Analysis & Opinions - The Washington Post

The IRS is Leaving Billions on the Table. Here’s How It Can Collect That Money.

| June 22, 2020

Every year the Internal Revenue Service leaves billions of dollars in tax revenue on the table by failing to pursue high-income individuals who don’t bother to file tax returns. A report released last month by the Treasury Department’s inspector general estimated that the amount of lost revenue was nearly $50 billion between 2014 and 2016 alone — an outrage at a time of soaring deficits and growing needs.

The situation wasn’t always this way, and it can be fixed. The inspector general’s report exposes one piece of the larger “tax gap,” the difference between what the government is owed and what it manages to collect. That gap is a consequence of failing to adequately fund the IRS and the agency’s failure, even with limited resources, to focus on collecting taxes from high-income filers.

For the IRS, going after non-filers should be the easy part of fixing the tax gap. Indeed, in the early 1990s, when individuals failed to file tax returns, the IRS essentially always followed up, since this evasion is relatively simple to detect. As the report notes, “pursuing nonfilers is one of the IRS’s most efficient enforcement strategies because issuing nonfiler notices can be a cost-effective tool that requires little more than automated notices.”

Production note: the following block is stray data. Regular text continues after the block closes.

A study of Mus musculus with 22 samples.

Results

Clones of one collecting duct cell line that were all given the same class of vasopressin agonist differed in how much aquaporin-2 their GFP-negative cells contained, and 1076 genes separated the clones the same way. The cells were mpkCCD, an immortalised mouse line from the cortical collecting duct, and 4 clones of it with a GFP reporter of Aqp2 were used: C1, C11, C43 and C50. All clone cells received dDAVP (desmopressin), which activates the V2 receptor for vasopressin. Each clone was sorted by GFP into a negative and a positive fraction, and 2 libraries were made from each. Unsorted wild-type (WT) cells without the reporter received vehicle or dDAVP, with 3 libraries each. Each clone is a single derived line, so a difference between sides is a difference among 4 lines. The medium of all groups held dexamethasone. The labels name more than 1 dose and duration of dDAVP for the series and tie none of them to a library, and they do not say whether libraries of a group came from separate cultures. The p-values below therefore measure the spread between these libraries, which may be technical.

But in recent years, the IRS has failed to pursue more than one-third of high-income non-filers, defined as those making $100,000 or more annually. This means that between 2014 and 2016, the IRS never worked cases involving more than 300,000 high earners who failed to file tax returns.

For more information on this publication: Belfer Communications Office
For Academic Citation: Summers, Lawrence and Natasha Sarin.“The IRS is Leaving Billions on the Table. Here’s How It Can Collect That Money..” The Washington Post, June 22, 2020.